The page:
Brain mechanism behind anxiety and OCD found at last
Researchers have always thought that only neurons, the major type of brain cells, control behavior. But we now know that's not entirely correct, according to new research. A minor type of brain cells known as microglia also influences behavior -- specifically anxiety-related behaviors.
You see, anxiety isn't inherently defective in itself. Anxiety is an emotional state that prepares us against danger, or that prompts us to put in our best into a given task we're "anxious" about. The problem arises when anxiety spirals out of control and becomes overwhelming. We become paralyzed and stuck in that state.
So, if anxiety is an inherent natural behavior, it's logical to assume that a part of the brain would be responsible for triggering this behavior. And when that trigger gets faulty, we might expect a disorder like anxiety disorder, OCD, or obsessive-compulsive spectrum disorder (OCSD).
This trigger that has always eluded the prying eyes of scientists is microglia. The study was conducted in mice.
The study demonstrated that specific populations of microglia, acting like buttons on a game controller, can either activate or suppress anxiety and OCSD behaviors.
The findings can result in more targeted treatments for these disorders.
Manipulating Microglia in mice
Mice exhibiting behaviors resembling OCSD cannot resist compulsively grooming themselves. They can lick their bodies nonstop, trying hard to keep themselves as clean as can be.
In a previous study, the team identified that a mutation in a gene called Hoxb8 led to chronic anxiety symptoms and excessive grooming in mice. Surprisingly, they discovered that the source of these behaviors was microglia, a type of immune cell.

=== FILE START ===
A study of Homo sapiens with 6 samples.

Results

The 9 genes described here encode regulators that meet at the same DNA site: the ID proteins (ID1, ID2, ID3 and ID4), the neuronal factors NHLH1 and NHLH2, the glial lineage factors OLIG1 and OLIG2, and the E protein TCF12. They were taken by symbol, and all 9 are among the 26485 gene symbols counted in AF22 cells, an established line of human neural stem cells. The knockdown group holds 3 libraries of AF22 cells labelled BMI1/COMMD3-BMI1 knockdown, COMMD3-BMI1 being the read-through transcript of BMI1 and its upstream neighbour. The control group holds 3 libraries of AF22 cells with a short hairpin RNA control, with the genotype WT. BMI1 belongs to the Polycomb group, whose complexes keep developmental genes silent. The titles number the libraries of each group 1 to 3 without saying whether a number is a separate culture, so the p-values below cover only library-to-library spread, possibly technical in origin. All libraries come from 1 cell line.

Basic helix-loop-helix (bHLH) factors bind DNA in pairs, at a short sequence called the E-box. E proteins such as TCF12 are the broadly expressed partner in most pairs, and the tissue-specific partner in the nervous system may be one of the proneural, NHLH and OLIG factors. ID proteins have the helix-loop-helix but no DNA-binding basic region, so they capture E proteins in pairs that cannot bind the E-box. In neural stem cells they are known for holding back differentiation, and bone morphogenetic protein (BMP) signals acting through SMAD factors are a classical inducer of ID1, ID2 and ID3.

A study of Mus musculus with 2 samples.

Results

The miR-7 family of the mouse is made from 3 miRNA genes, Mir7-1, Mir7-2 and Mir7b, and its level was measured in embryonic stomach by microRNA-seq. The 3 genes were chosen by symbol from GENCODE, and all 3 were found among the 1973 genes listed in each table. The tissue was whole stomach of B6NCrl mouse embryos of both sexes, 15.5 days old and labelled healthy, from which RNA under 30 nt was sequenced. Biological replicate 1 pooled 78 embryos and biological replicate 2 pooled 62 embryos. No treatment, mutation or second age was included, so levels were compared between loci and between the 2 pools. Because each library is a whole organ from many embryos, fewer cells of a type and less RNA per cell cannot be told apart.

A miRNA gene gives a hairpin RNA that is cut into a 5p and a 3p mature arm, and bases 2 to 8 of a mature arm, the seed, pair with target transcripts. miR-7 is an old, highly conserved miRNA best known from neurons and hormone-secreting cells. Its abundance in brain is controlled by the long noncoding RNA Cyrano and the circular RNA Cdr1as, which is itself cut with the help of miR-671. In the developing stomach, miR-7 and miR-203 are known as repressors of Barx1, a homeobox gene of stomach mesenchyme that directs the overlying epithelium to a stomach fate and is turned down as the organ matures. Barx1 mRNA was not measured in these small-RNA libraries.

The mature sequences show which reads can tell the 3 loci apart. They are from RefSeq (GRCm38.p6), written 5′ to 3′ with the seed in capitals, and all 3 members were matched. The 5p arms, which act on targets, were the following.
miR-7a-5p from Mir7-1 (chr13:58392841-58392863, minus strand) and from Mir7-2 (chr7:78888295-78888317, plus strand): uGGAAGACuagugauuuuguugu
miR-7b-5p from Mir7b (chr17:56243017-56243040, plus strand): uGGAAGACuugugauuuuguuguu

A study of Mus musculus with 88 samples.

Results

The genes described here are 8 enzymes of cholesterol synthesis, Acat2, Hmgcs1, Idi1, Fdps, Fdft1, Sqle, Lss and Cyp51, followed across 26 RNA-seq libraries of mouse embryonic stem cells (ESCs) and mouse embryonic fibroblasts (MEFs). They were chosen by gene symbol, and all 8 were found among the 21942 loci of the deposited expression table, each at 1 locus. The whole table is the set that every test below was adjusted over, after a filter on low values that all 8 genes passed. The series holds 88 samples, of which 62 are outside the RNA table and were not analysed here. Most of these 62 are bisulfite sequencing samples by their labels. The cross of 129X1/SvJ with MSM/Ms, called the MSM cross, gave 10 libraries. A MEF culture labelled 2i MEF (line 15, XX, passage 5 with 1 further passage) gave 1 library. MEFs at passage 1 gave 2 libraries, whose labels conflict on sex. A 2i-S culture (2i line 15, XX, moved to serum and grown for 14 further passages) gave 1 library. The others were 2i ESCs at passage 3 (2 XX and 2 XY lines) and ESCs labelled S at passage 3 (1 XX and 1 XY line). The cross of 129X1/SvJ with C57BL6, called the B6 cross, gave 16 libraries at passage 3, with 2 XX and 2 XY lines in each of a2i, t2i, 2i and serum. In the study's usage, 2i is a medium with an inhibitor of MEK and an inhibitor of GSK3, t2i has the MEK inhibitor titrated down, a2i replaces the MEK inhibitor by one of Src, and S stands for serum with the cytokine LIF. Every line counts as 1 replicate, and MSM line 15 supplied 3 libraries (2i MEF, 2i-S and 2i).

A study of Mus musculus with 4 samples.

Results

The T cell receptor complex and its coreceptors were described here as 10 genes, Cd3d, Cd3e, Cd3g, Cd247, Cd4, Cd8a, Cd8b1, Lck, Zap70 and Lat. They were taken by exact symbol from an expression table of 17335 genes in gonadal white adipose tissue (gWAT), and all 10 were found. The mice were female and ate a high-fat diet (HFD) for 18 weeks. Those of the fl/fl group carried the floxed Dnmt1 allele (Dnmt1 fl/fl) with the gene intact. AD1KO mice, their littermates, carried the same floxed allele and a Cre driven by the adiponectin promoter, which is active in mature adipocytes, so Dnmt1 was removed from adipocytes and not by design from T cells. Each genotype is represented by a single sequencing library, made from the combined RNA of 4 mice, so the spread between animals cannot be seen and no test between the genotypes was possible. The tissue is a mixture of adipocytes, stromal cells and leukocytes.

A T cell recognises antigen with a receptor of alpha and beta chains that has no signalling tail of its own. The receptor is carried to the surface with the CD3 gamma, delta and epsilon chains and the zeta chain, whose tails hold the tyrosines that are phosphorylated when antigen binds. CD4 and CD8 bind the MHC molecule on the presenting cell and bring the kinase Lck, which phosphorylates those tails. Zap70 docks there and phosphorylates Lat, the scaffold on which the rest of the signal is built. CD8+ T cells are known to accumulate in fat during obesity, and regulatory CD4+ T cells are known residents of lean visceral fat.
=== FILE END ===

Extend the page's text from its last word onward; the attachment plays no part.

Microglia make up only 10% of the brain's cells and were traditionally regarded as the brain's "trash collectors," responsible for eliminating dying neurons and abnormal proteins.
Nevertheless, how microglia accomplish these tasks remained a mystery. To uncover more information, Naveen Nagajaran Ph.D., the lead study author, went ahead to experiment with mice.
Using laser, he selectively stimulated specific regions of microglia in the brain.
To the team's greatest amazement, he was able to trigger anxiety-like behaviors like a switch, simply by stimulating specific regions of Microglia.
When they stimulated a subpopulation of microglia called Hoxb8 microglia, the mice became more anxious. In other brain regions, the laser activation of Hoxb8 microglia induced excessive grooming. Targeting Hoxb8 microglia in another location produced multiple effects: increased anxiety, excessive grooming, and freezing, a sign of fear. Stopping the laser stimulation immediately halted these behaviors.
Also, they noticed that neurons close to the stimulated microglia displayed heightened activity, indicating that these two types of cells communicate with each other to drive distinct behaviors.
A regional population of microglia does not exhibit the characteristics of Hoxb8. Simultaneously stimulating these "non-Hoxb8" microglia and Hoxb8 microglia prevented the onset of anxiety and OCSD-like behaviors.
This suggests that the two populations of microglia function as a balance system, acting as both an accelerator and a brake. Under normal circumstances, they regulate each other to keep things in equilibrium. Hence, an imbalance in their signals can lead to a disorder.
By understanding these interactions in the brain, researchers may uncover targeted treatment methods for managing excessive anxiety.